Psychology | Targeted and Interceptive Actions
P457 | 26557 | Bingham, G

Targeted and Interceptive Actions

Prof. Geoffrey Bingham

From its very beginnings, American psychology has placed its focus
on the functional effectiveness of perception and behavior.  The
field of perception/action represents one the current efforts in
psychology to pursue this focus.  One of the most significant areas
of research in the field of perception/action  has been the study of
targeted and interceptive actions.  Such actions entail the
perception of space and events (two grand and hoary old areas of
perception research) but now in the service of relevant actions and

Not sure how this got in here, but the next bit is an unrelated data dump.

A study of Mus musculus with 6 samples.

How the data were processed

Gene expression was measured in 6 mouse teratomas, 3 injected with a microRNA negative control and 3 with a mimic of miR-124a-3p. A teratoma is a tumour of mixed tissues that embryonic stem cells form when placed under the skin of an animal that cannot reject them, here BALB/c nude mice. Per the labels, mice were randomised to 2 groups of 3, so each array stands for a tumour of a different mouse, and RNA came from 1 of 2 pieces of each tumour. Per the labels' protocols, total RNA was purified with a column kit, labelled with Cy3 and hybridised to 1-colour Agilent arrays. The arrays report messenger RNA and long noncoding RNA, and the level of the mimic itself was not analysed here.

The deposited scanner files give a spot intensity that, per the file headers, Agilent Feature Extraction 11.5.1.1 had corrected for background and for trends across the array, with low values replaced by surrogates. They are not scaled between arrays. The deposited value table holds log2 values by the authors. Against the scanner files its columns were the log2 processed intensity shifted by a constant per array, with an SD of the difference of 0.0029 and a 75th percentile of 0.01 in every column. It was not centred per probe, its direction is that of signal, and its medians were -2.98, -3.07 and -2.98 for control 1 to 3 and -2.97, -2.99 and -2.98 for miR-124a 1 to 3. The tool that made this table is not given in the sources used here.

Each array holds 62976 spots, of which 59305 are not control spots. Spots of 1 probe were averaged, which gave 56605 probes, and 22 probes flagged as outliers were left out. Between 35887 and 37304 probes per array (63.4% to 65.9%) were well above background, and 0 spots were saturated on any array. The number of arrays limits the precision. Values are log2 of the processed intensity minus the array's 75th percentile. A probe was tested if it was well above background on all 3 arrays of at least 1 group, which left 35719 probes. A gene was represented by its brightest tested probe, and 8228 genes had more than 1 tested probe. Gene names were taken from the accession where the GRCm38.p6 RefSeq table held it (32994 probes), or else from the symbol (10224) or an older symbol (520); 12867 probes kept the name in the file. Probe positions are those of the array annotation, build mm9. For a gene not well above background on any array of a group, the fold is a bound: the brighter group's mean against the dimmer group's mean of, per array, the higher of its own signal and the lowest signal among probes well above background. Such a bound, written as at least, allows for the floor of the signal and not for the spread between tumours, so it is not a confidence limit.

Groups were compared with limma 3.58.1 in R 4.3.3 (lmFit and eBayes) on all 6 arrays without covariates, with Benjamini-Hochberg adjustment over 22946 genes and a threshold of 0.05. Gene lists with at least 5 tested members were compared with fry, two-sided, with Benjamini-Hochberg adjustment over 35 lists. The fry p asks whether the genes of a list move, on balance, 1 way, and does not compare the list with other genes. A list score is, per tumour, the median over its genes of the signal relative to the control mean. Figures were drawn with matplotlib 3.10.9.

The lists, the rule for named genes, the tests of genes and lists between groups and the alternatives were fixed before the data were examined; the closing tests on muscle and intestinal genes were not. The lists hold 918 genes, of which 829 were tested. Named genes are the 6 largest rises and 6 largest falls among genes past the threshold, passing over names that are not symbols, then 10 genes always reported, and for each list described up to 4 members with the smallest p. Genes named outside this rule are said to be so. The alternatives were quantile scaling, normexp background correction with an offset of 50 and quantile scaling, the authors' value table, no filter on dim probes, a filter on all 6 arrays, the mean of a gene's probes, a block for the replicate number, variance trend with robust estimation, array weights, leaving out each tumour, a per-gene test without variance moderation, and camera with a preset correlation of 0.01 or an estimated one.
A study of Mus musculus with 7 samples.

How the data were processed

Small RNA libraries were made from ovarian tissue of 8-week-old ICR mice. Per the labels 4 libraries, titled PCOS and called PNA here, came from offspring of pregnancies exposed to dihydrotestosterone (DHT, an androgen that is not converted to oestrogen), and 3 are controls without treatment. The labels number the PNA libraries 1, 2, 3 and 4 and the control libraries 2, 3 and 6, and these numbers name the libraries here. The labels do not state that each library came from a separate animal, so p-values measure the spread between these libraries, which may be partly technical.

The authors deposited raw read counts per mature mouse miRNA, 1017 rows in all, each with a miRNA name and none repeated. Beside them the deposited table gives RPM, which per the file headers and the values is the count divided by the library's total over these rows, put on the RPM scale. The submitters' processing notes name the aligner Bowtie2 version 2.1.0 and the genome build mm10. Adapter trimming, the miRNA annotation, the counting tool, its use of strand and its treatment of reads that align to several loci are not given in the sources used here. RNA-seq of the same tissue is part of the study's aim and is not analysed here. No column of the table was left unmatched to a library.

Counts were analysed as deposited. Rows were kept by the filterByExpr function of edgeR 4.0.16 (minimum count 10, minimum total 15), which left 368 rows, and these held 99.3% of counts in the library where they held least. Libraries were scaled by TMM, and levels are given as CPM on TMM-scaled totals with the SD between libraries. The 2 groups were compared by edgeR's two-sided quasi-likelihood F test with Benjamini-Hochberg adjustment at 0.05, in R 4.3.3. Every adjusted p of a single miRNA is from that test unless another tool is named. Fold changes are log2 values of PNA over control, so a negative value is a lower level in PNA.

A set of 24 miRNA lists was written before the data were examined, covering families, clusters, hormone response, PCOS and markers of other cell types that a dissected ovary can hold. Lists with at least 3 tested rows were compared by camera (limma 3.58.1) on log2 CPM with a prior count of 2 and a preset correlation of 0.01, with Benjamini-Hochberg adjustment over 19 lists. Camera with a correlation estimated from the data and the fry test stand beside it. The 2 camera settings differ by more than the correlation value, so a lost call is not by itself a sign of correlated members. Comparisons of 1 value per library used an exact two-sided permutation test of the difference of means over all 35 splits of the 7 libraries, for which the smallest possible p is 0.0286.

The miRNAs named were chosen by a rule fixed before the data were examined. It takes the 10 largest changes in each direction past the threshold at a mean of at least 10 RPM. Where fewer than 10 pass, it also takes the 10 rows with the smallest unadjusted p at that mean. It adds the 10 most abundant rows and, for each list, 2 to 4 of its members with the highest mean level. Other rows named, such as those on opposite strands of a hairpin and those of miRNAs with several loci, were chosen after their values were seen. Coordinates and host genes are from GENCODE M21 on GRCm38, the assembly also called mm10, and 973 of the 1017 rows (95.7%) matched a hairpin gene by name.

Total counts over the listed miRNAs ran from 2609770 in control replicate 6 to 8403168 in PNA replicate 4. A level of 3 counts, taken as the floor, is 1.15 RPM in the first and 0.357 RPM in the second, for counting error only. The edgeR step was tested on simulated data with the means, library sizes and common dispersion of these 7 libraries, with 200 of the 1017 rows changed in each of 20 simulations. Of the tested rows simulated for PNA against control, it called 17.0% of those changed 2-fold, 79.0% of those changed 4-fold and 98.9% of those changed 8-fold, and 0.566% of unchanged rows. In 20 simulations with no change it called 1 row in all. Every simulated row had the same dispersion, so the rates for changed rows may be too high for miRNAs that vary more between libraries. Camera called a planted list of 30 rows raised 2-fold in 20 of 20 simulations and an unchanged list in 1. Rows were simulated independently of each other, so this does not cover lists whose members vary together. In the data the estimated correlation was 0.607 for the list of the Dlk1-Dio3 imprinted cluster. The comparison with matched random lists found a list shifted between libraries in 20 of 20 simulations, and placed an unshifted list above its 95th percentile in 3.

subject therefore to the functional and temporal constraints imposed
by such actions.  We will review the literature of analyses and
experiments investigating targeted walking, throwing, and reaching
as well as ball catching.  The readings for the seminar will feature
a new anthology of papers reviewing work on time-to-contact.  Issues
necessarily encountered in this domain include object and event
recognition, cue combination, the stability and accuracy of
perception, adaptation/calibration,  the the two channel hypothesis
and the biological basis of perceptual measurements, all in the
context of functionally effective action.  The prevailing question
will be are we making serious progress in understanding how people
and other animals successfully perform tasks required to
successfully get by
in the world.   Are these managable sciencific problems?